Gerry Hoey Obituary, Death – We like to convey our deepest condolences to you all as we share the news of the demise of our beloved Father and the Boss of Hoeys DIY, Gerry Hoey.
As a sign of respect, the physical location of Hoeys DIY will be closed from Wednesday, April 19, at 5:30 p.m., until Monday, April 24, at 8:00 a.m. My father, Gerry Potter, who passed away recently at the age of 63, was a medicinal chemist who devoted his career to the development of cancer treatments that saved lives. Abiraterone acetate, a medication used in hormone therapy, was developed by him and his colleagues at the Institute of Cancer Research in London in the early 1990s.
It was invented in 1993, and the FDA finally gave its approval in 2011. Since then, it has become one of the most successful therapies for advanced prostate cancer and is marketed under the brand name Zytiga. Gerry Potter was the third of six children to be born to Joyce Potter (née Wilson), a housewife, and Anthony Potter, who worked in the highways department of the Norfolk county government. Gerry was born in Rugby. When Gerry was six years old, his family relocated to Norwich, where he attended first St. Augustine’s Primary School in Costessey and subsequently Wymondham College. Gerry left school at the age of 16 after completing his O-levels and began working as a “lab lad” for a pharmaceutical business that was located nearby. He felt the need for a change one summer and decided to take a job at Butlin’s in Bognor Regis.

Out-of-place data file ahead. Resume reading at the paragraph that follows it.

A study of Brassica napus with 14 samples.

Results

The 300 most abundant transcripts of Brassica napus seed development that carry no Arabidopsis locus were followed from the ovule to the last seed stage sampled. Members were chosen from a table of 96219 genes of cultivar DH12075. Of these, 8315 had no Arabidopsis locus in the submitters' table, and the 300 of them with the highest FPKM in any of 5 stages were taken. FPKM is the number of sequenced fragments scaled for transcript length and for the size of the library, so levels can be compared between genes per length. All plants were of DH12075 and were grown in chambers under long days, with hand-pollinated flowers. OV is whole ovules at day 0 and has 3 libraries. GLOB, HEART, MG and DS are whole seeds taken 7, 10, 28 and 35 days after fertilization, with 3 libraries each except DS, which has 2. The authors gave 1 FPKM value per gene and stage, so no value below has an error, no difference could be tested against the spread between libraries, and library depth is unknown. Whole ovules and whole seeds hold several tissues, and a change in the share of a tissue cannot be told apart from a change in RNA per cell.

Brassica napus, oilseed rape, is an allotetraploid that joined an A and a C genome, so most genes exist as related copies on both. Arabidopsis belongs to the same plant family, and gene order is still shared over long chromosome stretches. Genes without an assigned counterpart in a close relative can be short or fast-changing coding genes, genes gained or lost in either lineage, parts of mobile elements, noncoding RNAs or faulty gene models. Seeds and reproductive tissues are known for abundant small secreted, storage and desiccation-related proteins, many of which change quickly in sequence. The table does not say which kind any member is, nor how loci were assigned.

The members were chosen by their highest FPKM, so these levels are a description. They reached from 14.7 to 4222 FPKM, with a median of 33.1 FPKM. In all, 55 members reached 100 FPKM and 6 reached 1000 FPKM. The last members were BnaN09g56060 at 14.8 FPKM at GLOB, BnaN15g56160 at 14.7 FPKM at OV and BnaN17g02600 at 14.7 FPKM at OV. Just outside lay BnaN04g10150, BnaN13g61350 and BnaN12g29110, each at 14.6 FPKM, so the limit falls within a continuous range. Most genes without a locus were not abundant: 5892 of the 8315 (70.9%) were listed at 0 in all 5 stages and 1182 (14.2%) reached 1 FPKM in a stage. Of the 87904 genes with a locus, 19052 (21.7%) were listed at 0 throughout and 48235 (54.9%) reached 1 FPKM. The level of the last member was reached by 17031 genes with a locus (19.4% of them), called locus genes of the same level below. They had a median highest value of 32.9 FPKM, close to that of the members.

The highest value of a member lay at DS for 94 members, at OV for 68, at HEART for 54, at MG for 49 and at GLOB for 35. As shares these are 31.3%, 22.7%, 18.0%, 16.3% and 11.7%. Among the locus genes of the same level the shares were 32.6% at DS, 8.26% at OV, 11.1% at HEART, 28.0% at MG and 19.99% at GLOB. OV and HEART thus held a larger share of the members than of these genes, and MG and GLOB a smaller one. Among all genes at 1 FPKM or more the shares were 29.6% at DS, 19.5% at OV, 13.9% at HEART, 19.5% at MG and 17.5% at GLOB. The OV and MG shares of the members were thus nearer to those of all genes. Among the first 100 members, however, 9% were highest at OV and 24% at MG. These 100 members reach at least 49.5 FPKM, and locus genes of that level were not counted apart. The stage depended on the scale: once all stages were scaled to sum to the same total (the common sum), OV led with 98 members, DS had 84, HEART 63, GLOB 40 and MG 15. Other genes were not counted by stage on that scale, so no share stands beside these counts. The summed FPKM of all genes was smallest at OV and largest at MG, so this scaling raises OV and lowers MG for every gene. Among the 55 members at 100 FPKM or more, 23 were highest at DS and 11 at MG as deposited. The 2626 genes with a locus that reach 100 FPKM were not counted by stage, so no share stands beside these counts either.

While working there, he met Cath Kay, who was attending Hull University at the time. He relocated to Hull, and the following year, in 1981, the couple tied the knot. They went on to have two sets of twin children: the first pair, Justina and I, and the second set, Danielle and Robert, who were born four years later. While Gerry was working in the laboratory of an edible oil refinery, he was also attending night classes for his Advanced Level studies in chemistry and mathematics. After that, he enrolled at Manchester University to pursue a degree in inorganic chemistry. In 1986, our family relocated to Manchester to be closer to him. After that, my father started working toward his lifelong goal of earning a doctorate in medicinal chemistry at the Institute of Cancer Research at the Royal Marsden hospital in London (which he accomplished in 1990). Gerry went on to work in the universities of Exeter and Lyon, both in France, as well as at a biotech company in Cambridge after the completion of the fruitful study that led to the development of abiraterone acetate.